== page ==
Dechen Dolkar   

The supply crunch of non-Basmati rice could ease if the Government of India (GoI) considers the government’s request to lift the ban on its export.

The government formally wrote to the GoI last week conveying the request.

Officials said that the government has asked for approval to import 77,000 metric tonnes (MT) of non-basmati rice a year.

The officials said that GoI assured them that they would get back within a week or two which means a response is expected soon.

India banned the export of non-basmati white rice on July 20 this year to ensure adequate availability and address the rising prices in the domestic market.

India exports rice to around 125 countries and is the world’s largest rice exporter.

Last week, Lyonchhen Dr Lotay Tshering said that though the government has not received any official written letter from GoI on approval, GoI assured that they would consider the request.

Bhutanese mostly consume SK Gold, Raj Bhog Kumar, Dubar and Kuam Bhog Rice.  However, the notification does provide some exceptions to the ban. The GoI will grant permission for export on a case-by-case basis to countries facing food security concerns, upon their specific request.

The Food Corporation of Bhutan Limited (FCBL) also imports non-basmati rice which is fortified rice to supply to around 490 schools and to some of the agencies in the country.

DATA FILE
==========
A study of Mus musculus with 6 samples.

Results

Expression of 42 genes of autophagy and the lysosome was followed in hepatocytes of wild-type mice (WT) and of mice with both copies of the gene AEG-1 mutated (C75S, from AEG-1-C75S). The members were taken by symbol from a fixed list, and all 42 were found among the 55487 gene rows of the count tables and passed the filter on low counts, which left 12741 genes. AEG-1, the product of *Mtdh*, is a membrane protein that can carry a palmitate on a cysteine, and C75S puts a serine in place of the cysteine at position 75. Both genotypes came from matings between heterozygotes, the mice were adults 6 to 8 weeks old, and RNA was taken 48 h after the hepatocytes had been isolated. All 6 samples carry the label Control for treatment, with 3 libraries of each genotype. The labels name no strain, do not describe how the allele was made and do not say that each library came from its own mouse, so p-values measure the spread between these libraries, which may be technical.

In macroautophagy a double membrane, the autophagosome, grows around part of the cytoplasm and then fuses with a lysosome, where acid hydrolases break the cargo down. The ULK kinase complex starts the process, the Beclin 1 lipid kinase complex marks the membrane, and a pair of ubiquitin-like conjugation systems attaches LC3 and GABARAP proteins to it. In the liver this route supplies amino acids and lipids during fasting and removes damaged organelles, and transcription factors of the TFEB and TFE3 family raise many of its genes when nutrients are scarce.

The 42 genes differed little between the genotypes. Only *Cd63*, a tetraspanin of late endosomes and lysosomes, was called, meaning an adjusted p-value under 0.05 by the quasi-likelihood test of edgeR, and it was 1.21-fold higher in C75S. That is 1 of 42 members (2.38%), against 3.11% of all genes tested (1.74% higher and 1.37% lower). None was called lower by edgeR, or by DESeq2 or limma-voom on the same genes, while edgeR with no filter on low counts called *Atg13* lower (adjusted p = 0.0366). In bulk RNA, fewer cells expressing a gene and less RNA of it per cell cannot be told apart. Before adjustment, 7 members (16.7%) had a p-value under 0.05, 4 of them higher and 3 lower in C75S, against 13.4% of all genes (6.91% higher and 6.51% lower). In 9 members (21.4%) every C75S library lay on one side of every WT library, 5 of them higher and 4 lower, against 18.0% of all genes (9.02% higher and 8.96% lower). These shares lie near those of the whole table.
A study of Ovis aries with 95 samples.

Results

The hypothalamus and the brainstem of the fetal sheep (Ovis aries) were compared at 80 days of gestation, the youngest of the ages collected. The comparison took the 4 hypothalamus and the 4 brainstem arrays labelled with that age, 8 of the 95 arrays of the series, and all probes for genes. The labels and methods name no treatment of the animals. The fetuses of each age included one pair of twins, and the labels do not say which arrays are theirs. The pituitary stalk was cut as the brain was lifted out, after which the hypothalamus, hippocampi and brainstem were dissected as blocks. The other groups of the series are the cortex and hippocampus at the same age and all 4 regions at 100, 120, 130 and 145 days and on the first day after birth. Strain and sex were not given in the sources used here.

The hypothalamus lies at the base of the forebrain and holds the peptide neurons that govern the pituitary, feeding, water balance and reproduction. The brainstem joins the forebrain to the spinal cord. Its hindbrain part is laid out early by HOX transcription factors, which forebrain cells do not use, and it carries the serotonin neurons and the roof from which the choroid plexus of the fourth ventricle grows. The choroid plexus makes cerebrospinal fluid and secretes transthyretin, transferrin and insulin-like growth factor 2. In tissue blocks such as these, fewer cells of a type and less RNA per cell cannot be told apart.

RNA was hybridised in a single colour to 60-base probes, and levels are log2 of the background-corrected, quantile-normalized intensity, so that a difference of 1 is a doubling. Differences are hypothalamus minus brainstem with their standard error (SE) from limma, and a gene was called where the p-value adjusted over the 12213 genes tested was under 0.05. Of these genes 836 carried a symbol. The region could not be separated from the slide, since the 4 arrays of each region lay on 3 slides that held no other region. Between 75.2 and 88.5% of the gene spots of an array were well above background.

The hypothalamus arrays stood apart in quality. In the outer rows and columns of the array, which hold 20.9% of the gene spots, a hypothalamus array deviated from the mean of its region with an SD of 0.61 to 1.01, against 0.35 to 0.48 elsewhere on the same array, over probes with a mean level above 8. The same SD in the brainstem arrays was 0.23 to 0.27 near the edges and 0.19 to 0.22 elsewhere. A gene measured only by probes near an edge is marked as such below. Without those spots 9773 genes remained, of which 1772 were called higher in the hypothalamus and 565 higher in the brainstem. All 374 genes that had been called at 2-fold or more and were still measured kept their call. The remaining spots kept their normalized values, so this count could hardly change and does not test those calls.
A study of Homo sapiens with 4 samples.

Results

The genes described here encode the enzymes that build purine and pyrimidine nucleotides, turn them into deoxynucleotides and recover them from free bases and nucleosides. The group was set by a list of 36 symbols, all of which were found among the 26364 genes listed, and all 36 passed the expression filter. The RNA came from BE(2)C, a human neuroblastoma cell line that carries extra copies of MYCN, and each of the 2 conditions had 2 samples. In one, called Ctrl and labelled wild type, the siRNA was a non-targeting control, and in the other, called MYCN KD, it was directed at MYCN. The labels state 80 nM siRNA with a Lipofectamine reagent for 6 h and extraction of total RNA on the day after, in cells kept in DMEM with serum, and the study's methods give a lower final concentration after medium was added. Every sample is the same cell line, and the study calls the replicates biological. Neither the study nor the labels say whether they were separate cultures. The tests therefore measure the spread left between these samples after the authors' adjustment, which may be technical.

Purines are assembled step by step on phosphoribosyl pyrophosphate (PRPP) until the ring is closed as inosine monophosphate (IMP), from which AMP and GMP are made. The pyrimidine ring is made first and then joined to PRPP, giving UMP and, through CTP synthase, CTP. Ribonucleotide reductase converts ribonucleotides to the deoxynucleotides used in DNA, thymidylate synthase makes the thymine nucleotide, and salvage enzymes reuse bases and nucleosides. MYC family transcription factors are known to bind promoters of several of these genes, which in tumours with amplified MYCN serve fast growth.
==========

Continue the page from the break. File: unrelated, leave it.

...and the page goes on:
FCBL CEO Dorji Tashi said that as of now they have around 1,600MT in general reserves and around 30 percent of that is non-basmati rice. “The non-basmati rice stock would be enough for another month for supply.”

He said that since FCBL supplies quarterly to schools, they have already supplied rice to some of the schools which would last till September. Some schools’ stocks are still with FCBL, since schools don’t have storage facilities.

The CEO said that if the export restriction prolongs, they may resort to supplying basmati rice to schools and other agencies which would be more by Nu 20 a kilogram and would have huge financial implications.

As of today, 25 kilograms of SK Gold, cost more than Nu 1,100 up from Nu 970 before the export ban. 

Similarly, the prices for non-basmati rice that FCBL imports have also increased by Nu 10 one month before the notification.

The CEO said that the price has increased from sources due to less production in the market. 


Import ban lifted on broken rice 

Similarly, the GoI has also lifted the ban on broken rice export recently.

According to a notification issued by India’s Directorate General of Foreign Trade, Ministry of Commerce and Industry on July 28, the export of broken rice will be allowed on the basis of permission granted by the GoI to other countries to meet their food security needs and based on the request of their government.

The notification states that the request received from the Government of Bhutan for the import of 48,804 MTof broken rice from India during the FY 2023-24 have been approved by the competent authority.

Last year in September, India banned exports of broken rice and levied a tax on exports of various grades of rice after rice-producing states such as West Bengal, Bihar, and Uttar Pradesh received less rainfall, affecting rice production and due to inflation. 

In Bhutan, Industries import broken rice for liquor production. 

Army Welfare Project imports around 70 tons of broken rice in a year to make alcohol products.